Did torture work?


Will writes from Washington, D.C. (well, Arlington, Virginia). You can reach him at willblogcorrespondence at gmail dot com.


  1. Roque Nuevo says:

    I read the Bergan article. It is tendentious and preaches to the choir. For example,

    In a speech he gave three months later at the right-wing American Enterprise Institute (AEI) in Washington, Cheney said, […] My emphasis.

    Why “right-wing?” This adds nothing to Bergan’s article. All it does is try and skew the debate. One could easily call Bergen’s home base, the New America Foundation, the left-wing New America Foundation. How, exactly, would this advance the debate?

    Then, Bergan reviews Cheney’s argument: Coercive interrogations saved lives; they prevented catastrophic attacks, etc etc.

    Bergan relies on his own imagination in weaving an “alternative history” of the past eight years. For example,

    There is no reason, however, to think that any of those insights [i.e., information coerced from Abu Zubaydah, which Bergan admits gave up “insights into the organization and its personnel that were useful to the agency”] could not have been garnered by standard interrogation techniques.

    How on Earth could Bergen, or anyone, know what could “have been garnered by standard interrogation techniques?” People who use this argument are falling victim to the historical fallacy. It’s pure non historical speculation. It has no relevance whatsoever to the debate because the fact is, according to the CIA documents that Bergan uses as the basis of his critique, they could not get this information with “standard interrogation techniques.” This, in fact, is the whole reason we’re having this debate in the first place: the CIA couldn’t get the information out of KSM and therefore asked for authorization to use coercive methods. Would this be called “begging the question?”

    In the case of Khalid Shaykh Muhammad, Bergan quotes the CIA inspector general’s report:

    Khalid Shaykh Muhammad, an accomplished resistor, provided only a few intelligence reports prior to the use of the waterboard, and analysis of that information revealed that much of it was outdated, inaccurate, or incomplete.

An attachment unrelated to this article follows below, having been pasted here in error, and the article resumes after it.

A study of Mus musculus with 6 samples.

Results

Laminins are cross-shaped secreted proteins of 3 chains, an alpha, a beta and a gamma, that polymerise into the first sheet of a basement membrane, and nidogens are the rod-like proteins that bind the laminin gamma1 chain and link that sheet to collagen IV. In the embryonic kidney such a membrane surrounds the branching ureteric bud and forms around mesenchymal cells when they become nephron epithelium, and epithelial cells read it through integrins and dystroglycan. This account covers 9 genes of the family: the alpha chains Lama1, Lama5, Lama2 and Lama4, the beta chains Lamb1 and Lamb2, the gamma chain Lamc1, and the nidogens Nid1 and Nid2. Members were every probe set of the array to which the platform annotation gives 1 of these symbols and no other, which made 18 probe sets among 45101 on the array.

Then, after admitting, once again, that KSM “provided a wealth of information about al Qaeda’s inner workings,” Bergan tries to convince us that the plots KSM gave up to his coercive interrogators, for example an attack on Heathrow Airport, were “just talk.”

    The following is the complete paragraph:

    Following his defiance, KSM was subjected to a number of coercive interrogation techniques including being waterboarded 183 times and being told that his children — who were then being held in American and Pakistani custody — would be killed. KSM then provided a wealth of information about al Qaeda’s inner workings as well as details about past and future plots, much of which was detailed in the footnotes of the 9/11 Commission Report.

    Note how Bergan buries what was probably the most important achievement of the coercive interrogations: the “wealth of information about al Qaeda’s inner workings.” Back then very little was known about al Qaeda. This ignorance contributed the most the the atmosphere of panic that we remember (if we’re being honest about our memories). To get knowledge about “al Qaeda’s inner workings” was the only antidote. And, it almost goes without saying, this knowledge was essential in our fight against them. This is the knowledge that Cheney insists saved lives. Therefore, more question-begging by Bergen.

    Then, since it never happened because of our capture of KSM and his coercive interrogations (among other things), Bergan can now say that the Heathrow plot was “just talk.”

    This “just talk” critique is the worst sort of historical fallacy. The plots didn’t happen, so they were “just talk.” No reason to worry! But this so-called critique purposely ignores the fact that the government was actively doing things so that the plots wouldn’t happen—which is exactly Cheney’s point. So, by Bergan’s so-called logic, since the plots never left the planning stage, they were “just talk” and therefore were a poor harvest of information, which cannot justify the grievous moral fault of authorizing coercive interrogations. But Cheney’s key point is that they turned out to be “just talk” in part because of the program of coercive interrogations that Bush/Cheney authorized. I’m not all that versed in classical rhetoric, but Isn’t Bergen’s logic here also called begging the question?

    The above is just to critique Bergan’s “taking on” of Cheney. He missed his target by a mile but you wouldn’t notice it because of his rhetorical tricks.

    Then the most important point about all this is not even considered by Bergan. This is expressed by Clifford May,

    An attempt is being made to lead Americans back to a pre-2001 landscape. A message is being sent that we now face no crisis – Americans need not be overly concerned about militant Islamists waging a war against us. Indeed, this White House and this Justice Department no longer speak of war, only of crimes committed by terrorists and — with more vehemence — by those who have attempted to thwart them.

    It is likely to be a long time before a captured terrorist will again tell an American interrogator what he knows. It also may be a long time before another terrorist is captured. For now, at least, it is still permissible to use drones to kill terrorists in such remote corners of the world as Waziristan. Though how would you like to be the CIA operative pulling that trigger?